Russia and the Baltic travel blog

Hermitage - pottery BC

Hermitage- court dresses

Picasso ceramics

Matisse- the Dance


St Petersburg. Part II

St Petersburg is a spectacular city. It is more compact than Moscow for a tourist but the streets are not nearly as orderly. Grammar alone, and Ruth and Andrew together, all spent some time getting lost, or at least going around blocks twice.

We had mostly dull skies and rain in St Petersburg but that did not stop us. On the very wettest day, we went to the famous Hermitage Museum. WOW! It is humungeous - I am sure we only saw a tiny bit but what we saw was fabulous. The only problem was that every tourist in St Petersburg was there and was required to leave his/her raincoat and bag in a cloakroom that was down a big flight of stairs. Two huge jams of people were trying simultaneously to go up and down the stairs. This was very dangerous for Andrew and Grammar wobbling on their canes. Finally, a great big Russian man told Andrew to put his hand on his shoulder, and Grammar attached herself to Andrew and the man beat a path for them down the stairs. (I had stayed with Ruth to keep her company.) When we got back to the main level, we asked if there were any facilities for disabled people. The information person said, "no cloakroom, but there is an elevator." It took some searching but we did find the elevator: it was out-of-order!

It took us about an hour to organize ourselves with entry tickets, no coats, a bite to eat before we actually passed through the entry gates. Once inside, we split up and met again about three hours later. The place is so extensive that Group 1 (Ruth and Andrew) never saw Group 2 ( Snowflake and Grammar), even though we all saw some Impressionist painters!

Grammar was so overwhelmed by the sheer volume of paintings, that she started counting paintings:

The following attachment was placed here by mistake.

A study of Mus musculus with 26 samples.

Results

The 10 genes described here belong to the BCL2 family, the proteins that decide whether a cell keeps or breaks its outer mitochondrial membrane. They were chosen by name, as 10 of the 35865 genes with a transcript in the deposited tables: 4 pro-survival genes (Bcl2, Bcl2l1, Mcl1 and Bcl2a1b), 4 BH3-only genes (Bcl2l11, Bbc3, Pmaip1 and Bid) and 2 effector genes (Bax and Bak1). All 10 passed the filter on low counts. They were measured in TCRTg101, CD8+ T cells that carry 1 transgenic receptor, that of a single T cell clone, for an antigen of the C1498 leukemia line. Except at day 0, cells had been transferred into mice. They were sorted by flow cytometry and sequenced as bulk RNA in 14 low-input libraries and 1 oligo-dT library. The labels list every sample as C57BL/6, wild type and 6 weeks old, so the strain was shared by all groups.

Gauguin-15

Van Gogh - 4

Matisse- 31 plus some sculptures. Matisse seemed specially interested in feet!

Picasso - 32 plus several ceramic pieces.

Ruth and Andrew found Degas, Monet, Manet and Pissarro. We did not.

We found three really exciting things at the Hermitage. The first was Matisse's huge painting from 1910 called "The Dance". The second was a ceramic piece of Picasso's from the 1950s that really looks like a quick copy of "The Dance"! The third was an exquisite collection of Japanese netsuke. Grammar has "the Hare with the Amber Eyes" beside her bed in Calgary. It is about a real collection of netsuke and she has been trying to read it. She now has an appreciation for this amazing art form and will finish the book.

After the Hermitage, Ruth and Andrew returned to the hotel by Metro making only a few wrong turns.

Grammar and I walked: along canals; through parks; past fountains, sculptures and the golden-domed Admiralty building; past the dark, massive and brooding St. Issac's Cathedral; down some dicey streets in what was Dostoevsky's favourite neighbourhood-of-inspiration; to the Mariinsky Theatre. There we bought tickets for the ballet "Sylvia" for the following night. [from snowflake to Gordon Hamre: note exquisite use of dashes, commas, colons and semi-colons as per "Fowler's Modern English Usage"!]

By this time it was after 6 pm and pouring rain. We knew we were not very far from the hotel but we left the theatre in the wrong direction and kept getting conflicting directions from people we asked for help; so Grammar finally returned to theatre and bravely flagged down a taxi. Now you need to know that we had been warned never to take a random taxi in Moscow or St Petersburg. There are all sorts of horror stories but what was a small bear and a tired Grammar to do?! Grammar negotiated a price and, although the route did not feel very direct, we finally got back safely to the hotel.

We reconnected with our buddies and we went out for dinner to a great Georgian restaurant that was very close to the hotel.